On Thursday, February 6, 2020, the provincial government announced changes to ICBC, which they say will remove lawyers and legal costs from the system to reduce rates and substantially increase care-benefits.
Legislation will be introduced in the coming weeks that will lower ICBC premiums by approximately 20 per cent, the government says – an average of $400 in savings per driver. At the same time, maximum care and treatment benefits for anyone injured in a crash will increase to at least $7.5 million, and new benefits will provide care for those most seriously injured, for as long as they need it. These benefits will be available to every British Columbian without having to hire a lawyer.
These improvements will be achieved by removing the majority of legal fees and other costs associated with the current litigation-based system. The new care-based insurance system is forecast to remove more than $1.5 billion in the first full year, savings that will be passed on to ICBC customers through lowered insurance rates.
However, Columbia River Revelstoke MLA Doug Clovechok (BC Liberal) says it’s all smoke and mirrors. He says John Horgan has broken his promise to never introduce no-fault insurance.
“The NDP just abolished your right to compensation for pain and suffering – and they are hiding it by saying it is still available for “catastrophic injuries”, however they define that term,” Clovechok said. “The NDP will force you to deal with ICBC for the rest of your life if you have any significant injury.”
However, the government says those injured in vehicle accidents will have plenty of options.
To give British Columbians confidence that they will be treated fairly, says a government press release, the planned legislation will require ICBC, by law, to assist every person who makes a claim and endeavour to ensure they receive all of the care and benefits to which they are entitled. Customers who still have complaints or disputes about their claim, benefit payments or fairness issues will not need a lawyer to have them resolved. They will have recourse through:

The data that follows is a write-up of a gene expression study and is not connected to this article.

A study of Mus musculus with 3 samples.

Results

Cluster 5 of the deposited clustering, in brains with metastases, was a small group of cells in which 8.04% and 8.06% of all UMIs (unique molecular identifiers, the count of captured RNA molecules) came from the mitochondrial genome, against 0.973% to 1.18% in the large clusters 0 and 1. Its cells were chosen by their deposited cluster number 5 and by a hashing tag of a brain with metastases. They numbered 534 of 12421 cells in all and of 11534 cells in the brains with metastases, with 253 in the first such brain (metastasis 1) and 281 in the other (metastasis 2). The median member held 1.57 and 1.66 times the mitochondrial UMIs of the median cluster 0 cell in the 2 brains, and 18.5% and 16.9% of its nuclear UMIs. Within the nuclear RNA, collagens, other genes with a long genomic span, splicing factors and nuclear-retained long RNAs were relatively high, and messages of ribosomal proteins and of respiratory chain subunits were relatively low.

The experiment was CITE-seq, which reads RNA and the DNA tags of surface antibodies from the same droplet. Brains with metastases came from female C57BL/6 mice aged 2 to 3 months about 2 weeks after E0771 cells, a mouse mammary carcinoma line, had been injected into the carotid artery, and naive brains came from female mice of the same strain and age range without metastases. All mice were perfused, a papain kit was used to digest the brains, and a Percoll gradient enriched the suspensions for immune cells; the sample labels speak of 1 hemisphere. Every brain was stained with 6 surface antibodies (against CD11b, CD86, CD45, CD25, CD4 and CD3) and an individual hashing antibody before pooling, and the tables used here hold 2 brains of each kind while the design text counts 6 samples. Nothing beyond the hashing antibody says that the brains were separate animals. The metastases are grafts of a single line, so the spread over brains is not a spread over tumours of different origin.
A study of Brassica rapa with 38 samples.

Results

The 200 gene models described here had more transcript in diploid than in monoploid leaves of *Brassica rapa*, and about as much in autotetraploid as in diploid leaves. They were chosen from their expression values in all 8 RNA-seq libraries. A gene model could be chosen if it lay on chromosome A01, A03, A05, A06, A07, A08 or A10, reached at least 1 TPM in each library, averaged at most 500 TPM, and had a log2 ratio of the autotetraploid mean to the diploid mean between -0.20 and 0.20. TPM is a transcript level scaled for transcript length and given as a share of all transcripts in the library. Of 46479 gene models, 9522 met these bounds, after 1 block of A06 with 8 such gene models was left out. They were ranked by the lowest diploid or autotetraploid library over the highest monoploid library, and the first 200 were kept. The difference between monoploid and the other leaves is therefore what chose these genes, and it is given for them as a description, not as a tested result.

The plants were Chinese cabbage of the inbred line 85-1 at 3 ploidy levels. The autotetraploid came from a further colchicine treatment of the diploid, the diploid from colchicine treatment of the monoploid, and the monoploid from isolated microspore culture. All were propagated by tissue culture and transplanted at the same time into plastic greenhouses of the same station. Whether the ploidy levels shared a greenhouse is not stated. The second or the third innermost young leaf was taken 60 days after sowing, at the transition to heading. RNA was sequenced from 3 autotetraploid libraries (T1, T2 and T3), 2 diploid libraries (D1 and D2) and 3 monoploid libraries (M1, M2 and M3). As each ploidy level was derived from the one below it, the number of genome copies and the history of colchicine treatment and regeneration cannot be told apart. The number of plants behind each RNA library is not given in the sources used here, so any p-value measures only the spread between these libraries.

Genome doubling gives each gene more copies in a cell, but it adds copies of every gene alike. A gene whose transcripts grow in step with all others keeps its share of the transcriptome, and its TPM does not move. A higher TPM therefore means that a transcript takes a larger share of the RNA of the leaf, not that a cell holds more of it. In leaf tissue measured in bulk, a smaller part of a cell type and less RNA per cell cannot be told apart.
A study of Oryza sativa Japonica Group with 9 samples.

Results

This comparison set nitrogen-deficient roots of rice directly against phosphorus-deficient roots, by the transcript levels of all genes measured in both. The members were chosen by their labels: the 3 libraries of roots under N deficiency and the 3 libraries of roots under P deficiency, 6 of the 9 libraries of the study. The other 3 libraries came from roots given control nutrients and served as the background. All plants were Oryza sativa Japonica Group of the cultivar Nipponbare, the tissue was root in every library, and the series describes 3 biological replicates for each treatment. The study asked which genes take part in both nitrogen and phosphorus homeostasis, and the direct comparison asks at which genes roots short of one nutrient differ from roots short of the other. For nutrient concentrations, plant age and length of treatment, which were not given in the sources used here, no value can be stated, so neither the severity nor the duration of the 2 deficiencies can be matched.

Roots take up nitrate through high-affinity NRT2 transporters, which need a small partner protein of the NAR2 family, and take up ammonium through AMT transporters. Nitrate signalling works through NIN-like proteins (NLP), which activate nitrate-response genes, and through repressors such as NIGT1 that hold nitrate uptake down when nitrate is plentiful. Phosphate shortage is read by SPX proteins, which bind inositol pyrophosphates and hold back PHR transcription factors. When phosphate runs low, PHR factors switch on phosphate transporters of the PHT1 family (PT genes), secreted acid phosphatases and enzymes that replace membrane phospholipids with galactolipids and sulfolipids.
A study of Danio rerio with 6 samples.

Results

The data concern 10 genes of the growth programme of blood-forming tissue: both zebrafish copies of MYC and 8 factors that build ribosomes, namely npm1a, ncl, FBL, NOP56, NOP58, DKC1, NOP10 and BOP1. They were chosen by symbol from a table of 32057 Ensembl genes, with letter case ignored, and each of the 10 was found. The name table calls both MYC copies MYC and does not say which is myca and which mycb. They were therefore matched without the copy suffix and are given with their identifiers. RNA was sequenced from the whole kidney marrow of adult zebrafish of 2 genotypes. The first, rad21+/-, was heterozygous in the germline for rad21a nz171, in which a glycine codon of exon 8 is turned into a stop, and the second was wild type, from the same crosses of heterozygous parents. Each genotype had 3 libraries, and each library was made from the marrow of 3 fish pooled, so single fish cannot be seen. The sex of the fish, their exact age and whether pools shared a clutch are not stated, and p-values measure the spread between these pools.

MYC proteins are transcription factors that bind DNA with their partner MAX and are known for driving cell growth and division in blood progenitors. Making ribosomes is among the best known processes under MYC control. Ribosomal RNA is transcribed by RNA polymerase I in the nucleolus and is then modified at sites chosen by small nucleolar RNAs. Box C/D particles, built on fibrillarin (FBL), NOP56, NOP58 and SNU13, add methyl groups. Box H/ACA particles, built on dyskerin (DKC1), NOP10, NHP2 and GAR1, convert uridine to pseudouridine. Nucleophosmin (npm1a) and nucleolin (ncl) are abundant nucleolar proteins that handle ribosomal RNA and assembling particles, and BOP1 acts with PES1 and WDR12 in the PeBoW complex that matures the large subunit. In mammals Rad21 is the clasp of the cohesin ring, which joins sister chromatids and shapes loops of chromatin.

* the Civil Resolution Tribunal, which is independent of ICBC;
* the B.C. Ombudsperson; and
* the upcoming ICBC fairness officer, who will be appointed by government to ensure greater independence from ICBC.
B.C. drivers need more affordable rates and they need it now, the press release said. The NDP also point out that personal injury lawyers made $500 million from ICBC settlements in 2019. They add that 14 of the law firms that profited from settlements last year are past BC Liberal donors – giving a total of $154,926.
“This NDP scheme is nothing more than an election trick as sky-high rates will continue beyond the next election, with an NDP promise to lower them after the election,” Clovechok argued.
He says British Columbians want choice in their insurance.
“Why aren’t we being offered the Saskatchewan model where drivers can choose either no fault or the current system of lump sum settlements, with no difference in premiums?
“We are hearing from constituents that they are fed up with the lack of choice. They want choice. In effect what the NDP have done is just the opposite. Their actions further limit choices. John Horgan continues to demonstrate that he is tone deaf to what British Columbian want and are asking for while imposing what he thinks we need. George Orwell’s Big Brother comes to mind.”